By Bobby Worley

(Veteran Interview History Project)

    In your own neighborhood are stories waiting to be heard and told. If only we could make the time to sit down and get to know those in our towns, we would learn so much about our country and document incredible moments in the lives of so many who served our nation during times of conflict. I was first introduced to Dr. Fuller through my father and learned that both men were Masons. As I got to know Dr. Fuller better, I learned that he was a Veteran of the United States Army Air Corp and I was immediately interested in learning more. As part of a project for my school and history club, I was given the task of finding and interviewing a local veteran. I re connected with Dr. Fuller and found he was delighted to share with me his time of service and the story of his life and family.

    Dr. Fuller was born a small town boy and grew up in Center Conway, New Hampshire. He completed his grade school years there in a two-room schoolhouse. Due to the fact that his family moved around a great deal, following his father’s jobs, he spent a good amount of time on his grandfather’s farm. His grandfather was a United States Mail Courier. In a time when automobiles in New Hampshire were few and far between, his grandfather drove a horse drawn wagon or sleigh to deliver the mail.

    Moving to Gorham, Maine in 1939 turned out to be a pivotal event in his life, for he met his future wife Miss Beverly while working as a soda jerk in Beverly’s father’s drug store while he was attending Gorham High School. Seven months before he completed high school, in June of 1942, he enlisted in the United States Army Air Corp division with his brother. When questioned about his decision to enlist, Dr. Fuller commented, “I was always interested in planes and flying. I wanted to join the armed services and serve my country.” He was called to active duty after completing about a month at the University of Vermont. He was given the option of returning to UVM after his discharge.

    Entering the Air Corp division as a private, he was sent to primary flight school in Bennettsville, South Carolina where he was selected to be a pilot. His flight training began in September of 1943 and lasted for two months. During this time he learned about the aircraft and how to operate them. Following this primary flight school training, he was sent to Sumter, South Carolina for basic flight school at Shaw Air Base. While on base, Dr. Fuller learned to fly more advanced single engine aircraft such as the BT-13 and others. Again this portion of the training was for two months and again he was sent on to the next level at Mariana, Florida in January of 1944 for advanced flight training. At this station, Dr. Fuller flew planes such as the AT-6 that had retractable landing gear and pilot control of high –speed engines and propeller that traveled up to 120 miles per hour. After graduating, Dr. Fuller and a couple of others were chosen to stay at the base as instructors based on their academic excellence and their flying skills. Dr. Fuller remarked of this turn of events, “It was an honor, but at the same time, we felt it was more of a disgrace to be stuck at the base.”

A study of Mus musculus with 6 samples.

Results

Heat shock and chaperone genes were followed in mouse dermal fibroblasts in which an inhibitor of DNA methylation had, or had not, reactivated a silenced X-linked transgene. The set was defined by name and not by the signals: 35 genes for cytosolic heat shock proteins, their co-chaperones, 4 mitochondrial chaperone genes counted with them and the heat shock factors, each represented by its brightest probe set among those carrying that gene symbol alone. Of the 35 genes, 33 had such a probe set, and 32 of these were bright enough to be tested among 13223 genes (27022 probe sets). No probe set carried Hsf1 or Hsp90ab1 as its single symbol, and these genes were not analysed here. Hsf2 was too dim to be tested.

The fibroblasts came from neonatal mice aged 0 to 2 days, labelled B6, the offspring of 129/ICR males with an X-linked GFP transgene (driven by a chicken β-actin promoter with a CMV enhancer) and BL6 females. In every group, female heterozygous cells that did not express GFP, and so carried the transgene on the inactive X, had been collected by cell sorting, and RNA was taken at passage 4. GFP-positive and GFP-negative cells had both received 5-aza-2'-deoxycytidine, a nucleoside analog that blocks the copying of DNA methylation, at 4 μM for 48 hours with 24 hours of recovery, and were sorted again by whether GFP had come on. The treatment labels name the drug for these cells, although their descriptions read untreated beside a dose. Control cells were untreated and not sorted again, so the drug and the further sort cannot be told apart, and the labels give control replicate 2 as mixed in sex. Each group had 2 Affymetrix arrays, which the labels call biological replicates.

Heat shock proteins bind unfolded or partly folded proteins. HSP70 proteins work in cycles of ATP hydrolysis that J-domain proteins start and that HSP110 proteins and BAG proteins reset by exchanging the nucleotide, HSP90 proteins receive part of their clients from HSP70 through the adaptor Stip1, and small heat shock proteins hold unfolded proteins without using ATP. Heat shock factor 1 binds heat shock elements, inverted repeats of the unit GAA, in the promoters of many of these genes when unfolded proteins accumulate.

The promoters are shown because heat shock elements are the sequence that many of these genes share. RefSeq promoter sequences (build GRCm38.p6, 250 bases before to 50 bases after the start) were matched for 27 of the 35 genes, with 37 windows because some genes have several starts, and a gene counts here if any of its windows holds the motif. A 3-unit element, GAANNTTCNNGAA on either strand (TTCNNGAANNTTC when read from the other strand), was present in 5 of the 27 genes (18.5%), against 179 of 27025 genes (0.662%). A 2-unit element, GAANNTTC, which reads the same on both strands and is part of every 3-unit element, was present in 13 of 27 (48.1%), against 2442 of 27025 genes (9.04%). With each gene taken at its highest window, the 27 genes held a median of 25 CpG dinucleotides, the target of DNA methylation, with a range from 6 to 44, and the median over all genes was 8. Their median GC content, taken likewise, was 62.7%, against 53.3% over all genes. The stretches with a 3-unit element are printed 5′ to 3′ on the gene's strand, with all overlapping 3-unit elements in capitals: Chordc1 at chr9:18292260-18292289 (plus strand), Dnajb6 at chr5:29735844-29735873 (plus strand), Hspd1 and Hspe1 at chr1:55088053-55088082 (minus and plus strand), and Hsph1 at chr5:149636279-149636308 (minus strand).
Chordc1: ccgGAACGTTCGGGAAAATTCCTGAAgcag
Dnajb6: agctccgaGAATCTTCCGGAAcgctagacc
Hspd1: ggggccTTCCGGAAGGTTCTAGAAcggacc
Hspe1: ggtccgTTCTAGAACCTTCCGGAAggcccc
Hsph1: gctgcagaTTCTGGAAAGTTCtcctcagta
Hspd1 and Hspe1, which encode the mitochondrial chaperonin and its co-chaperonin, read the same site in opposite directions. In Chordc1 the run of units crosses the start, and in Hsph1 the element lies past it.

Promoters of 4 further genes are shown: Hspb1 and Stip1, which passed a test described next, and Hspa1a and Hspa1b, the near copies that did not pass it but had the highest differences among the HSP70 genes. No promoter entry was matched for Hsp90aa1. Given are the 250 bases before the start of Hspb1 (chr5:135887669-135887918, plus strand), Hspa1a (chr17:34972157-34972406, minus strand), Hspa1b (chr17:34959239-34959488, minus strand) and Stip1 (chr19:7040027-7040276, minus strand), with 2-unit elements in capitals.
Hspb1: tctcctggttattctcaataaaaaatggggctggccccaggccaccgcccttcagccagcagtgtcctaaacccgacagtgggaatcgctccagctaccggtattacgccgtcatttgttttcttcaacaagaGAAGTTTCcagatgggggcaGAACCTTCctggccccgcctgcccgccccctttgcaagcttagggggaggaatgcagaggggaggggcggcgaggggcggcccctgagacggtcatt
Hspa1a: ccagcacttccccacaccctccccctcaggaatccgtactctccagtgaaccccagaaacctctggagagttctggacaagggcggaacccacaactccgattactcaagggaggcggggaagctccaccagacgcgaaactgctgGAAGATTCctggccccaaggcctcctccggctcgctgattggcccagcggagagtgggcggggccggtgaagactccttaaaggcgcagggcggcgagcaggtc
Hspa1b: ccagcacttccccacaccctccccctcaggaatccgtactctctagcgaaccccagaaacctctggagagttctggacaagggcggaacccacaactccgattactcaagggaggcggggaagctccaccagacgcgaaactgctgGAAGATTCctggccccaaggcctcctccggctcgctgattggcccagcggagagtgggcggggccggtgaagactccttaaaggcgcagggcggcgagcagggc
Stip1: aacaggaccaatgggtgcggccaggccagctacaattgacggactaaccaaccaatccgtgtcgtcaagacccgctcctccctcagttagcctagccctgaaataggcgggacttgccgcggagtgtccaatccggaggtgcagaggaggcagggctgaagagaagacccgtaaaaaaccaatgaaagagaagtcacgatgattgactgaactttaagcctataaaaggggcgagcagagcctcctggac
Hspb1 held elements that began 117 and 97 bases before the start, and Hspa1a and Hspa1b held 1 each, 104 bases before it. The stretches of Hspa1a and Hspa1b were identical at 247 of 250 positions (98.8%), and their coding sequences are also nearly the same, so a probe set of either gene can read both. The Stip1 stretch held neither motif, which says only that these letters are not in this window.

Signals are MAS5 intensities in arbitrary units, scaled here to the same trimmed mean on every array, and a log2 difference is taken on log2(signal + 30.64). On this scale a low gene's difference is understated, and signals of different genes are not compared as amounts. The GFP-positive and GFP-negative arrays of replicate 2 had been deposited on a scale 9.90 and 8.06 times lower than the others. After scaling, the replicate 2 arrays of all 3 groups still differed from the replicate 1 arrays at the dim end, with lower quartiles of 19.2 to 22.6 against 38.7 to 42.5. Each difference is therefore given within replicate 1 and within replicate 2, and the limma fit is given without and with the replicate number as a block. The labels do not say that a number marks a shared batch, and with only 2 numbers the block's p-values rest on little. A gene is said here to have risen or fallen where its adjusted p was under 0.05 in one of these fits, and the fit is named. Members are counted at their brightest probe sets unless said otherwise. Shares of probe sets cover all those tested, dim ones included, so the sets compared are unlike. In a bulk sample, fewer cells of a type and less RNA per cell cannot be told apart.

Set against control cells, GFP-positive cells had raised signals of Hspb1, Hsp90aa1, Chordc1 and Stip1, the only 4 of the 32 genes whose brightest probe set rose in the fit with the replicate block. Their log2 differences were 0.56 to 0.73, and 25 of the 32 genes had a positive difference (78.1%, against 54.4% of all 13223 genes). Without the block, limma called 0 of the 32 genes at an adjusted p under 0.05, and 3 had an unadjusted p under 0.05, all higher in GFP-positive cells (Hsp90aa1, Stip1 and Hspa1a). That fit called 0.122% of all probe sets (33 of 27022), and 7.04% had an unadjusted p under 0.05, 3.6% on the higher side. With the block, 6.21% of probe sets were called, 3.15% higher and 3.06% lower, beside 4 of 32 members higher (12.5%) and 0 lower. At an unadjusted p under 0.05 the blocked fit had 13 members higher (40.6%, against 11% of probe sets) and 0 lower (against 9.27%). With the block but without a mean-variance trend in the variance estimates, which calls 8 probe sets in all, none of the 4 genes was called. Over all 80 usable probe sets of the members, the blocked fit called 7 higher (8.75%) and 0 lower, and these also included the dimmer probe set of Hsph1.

It turned out that his job of training new pilots took on many new challenging aspects as he was sent to Sebring, Florida in December of 1944 to be one of the first pilots to learn to fly the new famous war plane the B-17. Also while he was in Florida he was joined by his fiancée Beverly and they were married at a local church. During his training of men in the new plane, he was responsible for nine men. He was in charge of the co-pilot, bombardier, navigator, top turret gunner, radio operator, belly ball turret gunner, two waist gunners and one tail gunner. Sharing with me one particular instance, Dr. Fuller recounted that he was flying with a Major as his co-pilot. Coming in for landing, they put their landing gear down, but the runway was too crowded and the wind was too strong, so he ordered the wheels to come up. The Major said, “No, we can make it and keep that landing gear down.” Dr. Fuller replied, “I said, no and we are going to loop back and try this landing again. A second lieutenant at the time, Dr. Fuller was over stepping his rank countering the Major, but as commander of the airplane he was in charge of keeping the crew and equipment safe.

    Dr. Fuller was in Hobbs, New Mexico flying the B-17 when the war ended and he had just received orders to be one of the first pilots to fly the new B-29. In October of 1946, Dr. Fuller was discharged from the Army Air Corp Division and he enlisted in the reserves. Returning to Maine, he worked in his old job with his wife’s family drug store and returned to his studies at UVM. After transfers to the University of Maine and Utah State, he graduated with a Master’s Degree in wildlife management. Working for the State of Vermont Fish and Game department for thirteen years was fulfilling, but he moved again to Wisconsin to enter into a doctoral program. His career brought him back to the Green Mountain State again and he returned to teach at UVM.

    It is impossible to explain what you learn when you sit down and talk with people whose lives paralleled key times in American history. I was honored to have the chance to better know this man, his family and his story. Like Dr. Fuller, I am interested in airplanes and have a keen sense of dedication to my country. I believe in keeping it strong and being an active member of my community. In sharing his story with me, he passed on more than just facts, figures and locations. He shared his sense of commitment to his family and his country, and that is priceless.

Bobby Worley is a senior at VUHS and is the co-president of the Otter Creek Basin Student History Club. A long time historic re enactor, Bobby has both feet firmly planted in the twenty-first century and in the French & Indian War era.